At first, Kevin had thought that the pool design and execution would be done in a late phase, when we’re working on landscaping. As he and I talked about it and the contractor weighed in, it became clear that it makes a lot more sense to deal with the pool in the first stage of construction. We’ll have the excavating equipment on site, the house won’t be there to make access difficult, and the concrete can be poured along with the structure of the house.
Kevin said that two (reasonable) sizes for the pool that were standard in Italy are 4×10 meters (13×33 feet) and 5×8 meters (16×26 feet.) The first seems long and narrow, and the second a bit stubby. As we considered it, Anne discovered that the “recommended” proportion, at least in the US, is twice as long as wide. So we proposed 4.5×9 meters (15×30 feet.)
All of these work out to about 40m2, but Kevin thought a pool of our measurements might be more expensive, since it isn’t standard, but he went off to price the options.
Let me interrupt my fascinating post with two pieces of trivia: Kevin said the guideline for pool size is 5m2 for each person in it. Second, I realized later that the 5×8 pool might have been right. Its proportion is 1:1.6, very close to what’s called the golden rectangle for its aesthetic appeal and interesting mathematical properties. For example, to name one, as I recall, the ratio of height to width of the Parthenon is this golden ratio.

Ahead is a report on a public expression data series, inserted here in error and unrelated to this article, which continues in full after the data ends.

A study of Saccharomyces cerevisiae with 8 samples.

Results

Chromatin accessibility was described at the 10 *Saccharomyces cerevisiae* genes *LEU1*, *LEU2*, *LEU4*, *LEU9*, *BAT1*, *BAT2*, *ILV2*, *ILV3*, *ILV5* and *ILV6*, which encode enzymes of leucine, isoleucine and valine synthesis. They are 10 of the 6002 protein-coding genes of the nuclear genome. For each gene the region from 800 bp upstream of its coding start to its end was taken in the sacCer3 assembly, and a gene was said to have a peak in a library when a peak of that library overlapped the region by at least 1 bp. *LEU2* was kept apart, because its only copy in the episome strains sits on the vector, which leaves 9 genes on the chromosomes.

As far as other design parameters, we asked for a shallow and a deep end, a stone pool surround/patio where we can do a pergola or something for shade, and a poolside shower. Also, we want the pool oriented so the best view lines up with the best views.
Kevin came back with an estimate that fit the budget: about 40,000€, which seems like a lot for a pool, but what he had told us to expect. This seems to be an all-in cost. Here’s what he wrote:
That includes the structure, liner, cover, filters, pumps, drainage, plumbing, electrical, technical area, border, tiles (you will choose), labor, materials, solar shower, two lights inside, dual depth 140/180, etc. The filtration will be an advanced system that uses very low amounts of chlorine. It will come with a guarantee on works & liner and will be the subject of a contract.
Well, all in except for taxes. A pool is considered a “luxury item”, so it carries a IVA (tax) of 22%, rather than the 10% on the rest of the construction. So it’s really about 50,000€. It’s a lot to pay, but we’d like to have it, and if we’d want to rent the house in the summer, we’d need it.
When I translated the “dual depth 140/180” for Anne and Emma as a shallow end of 4.5 feet and a deep end of 6 feet, they both said, “that’s not a deep end.” So back to Kevin to see about another foot or so in that end.
Certainly, it would cost more. True, Another 30cm would add 5,000€ or so for the construction. Also, any pool deeper than 180cm needs to be surrounded by a fence at 4,000€.
But that’s not necessarily the deal killer. This is: a pool deeper than 180cm requires a lifeguard. We could use it without one, but we couldn’t rent the house.
We also wanted to make sure the pool was oriented to the views.
That resolved, we should be set on the pool.